Today, burnout, anxiety and depression are at record levels. Society continually broadcasts the need to want more, and the overbearing weight of modern culture has smothered us with the impossible pressures to be perfect.
Drawing upon extensive scientific and sociological research, the LSE’s Thomas Curran joins us to explore how the perfectionism trap affects us – and what we can do about it.
He will examine the paradoxical effects of perfectionism on performance, mental health, parenting, relationships and social inequality, and shows what we can do as individuals to resist the pressure to be perfect. He will argue that perfectionism is the defining psychology of our economic system – not an individual affliction – and calls for both a mindset shift and broader, societal change.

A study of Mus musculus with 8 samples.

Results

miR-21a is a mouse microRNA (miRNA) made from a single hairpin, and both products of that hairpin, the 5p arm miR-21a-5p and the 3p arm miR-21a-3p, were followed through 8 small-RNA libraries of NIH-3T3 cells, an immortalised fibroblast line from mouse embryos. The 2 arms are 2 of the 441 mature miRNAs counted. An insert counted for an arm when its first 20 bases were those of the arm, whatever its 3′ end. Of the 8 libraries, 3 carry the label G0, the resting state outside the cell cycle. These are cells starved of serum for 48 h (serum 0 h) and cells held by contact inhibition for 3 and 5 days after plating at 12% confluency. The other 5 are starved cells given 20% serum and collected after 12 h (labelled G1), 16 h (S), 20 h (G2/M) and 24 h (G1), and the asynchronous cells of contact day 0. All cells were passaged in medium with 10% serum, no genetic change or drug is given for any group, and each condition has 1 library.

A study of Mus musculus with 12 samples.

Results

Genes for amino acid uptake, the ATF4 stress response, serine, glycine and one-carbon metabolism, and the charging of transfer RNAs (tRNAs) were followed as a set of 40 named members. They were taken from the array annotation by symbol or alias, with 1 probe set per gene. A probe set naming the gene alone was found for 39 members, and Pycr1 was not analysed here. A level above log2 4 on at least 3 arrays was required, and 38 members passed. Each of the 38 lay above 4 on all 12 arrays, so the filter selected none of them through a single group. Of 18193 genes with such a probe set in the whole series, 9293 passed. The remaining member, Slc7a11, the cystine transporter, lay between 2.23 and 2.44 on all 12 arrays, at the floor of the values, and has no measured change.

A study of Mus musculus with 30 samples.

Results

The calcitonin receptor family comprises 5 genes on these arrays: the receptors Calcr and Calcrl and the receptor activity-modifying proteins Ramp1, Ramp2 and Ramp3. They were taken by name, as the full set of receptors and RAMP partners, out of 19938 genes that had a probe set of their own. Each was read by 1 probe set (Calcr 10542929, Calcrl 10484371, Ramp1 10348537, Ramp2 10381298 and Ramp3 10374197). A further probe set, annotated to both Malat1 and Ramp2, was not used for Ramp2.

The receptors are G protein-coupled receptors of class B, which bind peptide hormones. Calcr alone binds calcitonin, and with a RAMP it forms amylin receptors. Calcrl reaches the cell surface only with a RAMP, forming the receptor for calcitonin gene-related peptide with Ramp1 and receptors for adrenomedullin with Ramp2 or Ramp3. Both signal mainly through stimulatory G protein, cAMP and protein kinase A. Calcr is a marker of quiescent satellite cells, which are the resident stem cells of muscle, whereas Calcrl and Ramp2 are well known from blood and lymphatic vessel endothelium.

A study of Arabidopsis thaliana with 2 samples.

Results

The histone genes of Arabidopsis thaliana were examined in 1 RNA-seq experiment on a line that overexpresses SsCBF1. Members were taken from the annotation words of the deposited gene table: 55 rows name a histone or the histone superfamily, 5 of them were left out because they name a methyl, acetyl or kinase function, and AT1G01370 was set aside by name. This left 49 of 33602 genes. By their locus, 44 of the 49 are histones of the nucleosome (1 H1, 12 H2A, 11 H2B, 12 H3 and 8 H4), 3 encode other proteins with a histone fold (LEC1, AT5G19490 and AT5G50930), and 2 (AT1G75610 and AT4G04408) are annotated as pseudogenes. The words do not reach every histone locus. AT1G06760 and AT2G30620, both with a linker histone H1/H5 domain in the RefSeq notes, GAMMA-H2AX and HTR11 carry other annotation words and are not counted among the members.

Insightful and practical, this talk will reveal how we can create a culture that celebrates the joys of imperfection, and move past the need to be perfect in our own personal and professional lives.
Thomas Curran is an Assistant Professor in the Department of Psychological and Behavioural Science at the London School of Economics. With over a decade of experience, Curran is a world leading expert on perfectionism. He has written for the Harvard Business Review, was featured in the New Scientist, and his work has been covered by publications including the Guardian, Telegraph, Wall Street Journal, and Ariana Huffington’s ‘Thrive Global’ campaign. In 2018, he gave a TEDMED talk entitled ‘Our Dangerous Obsession with Perfectionism is Getting Worse’, which has over 3 million views.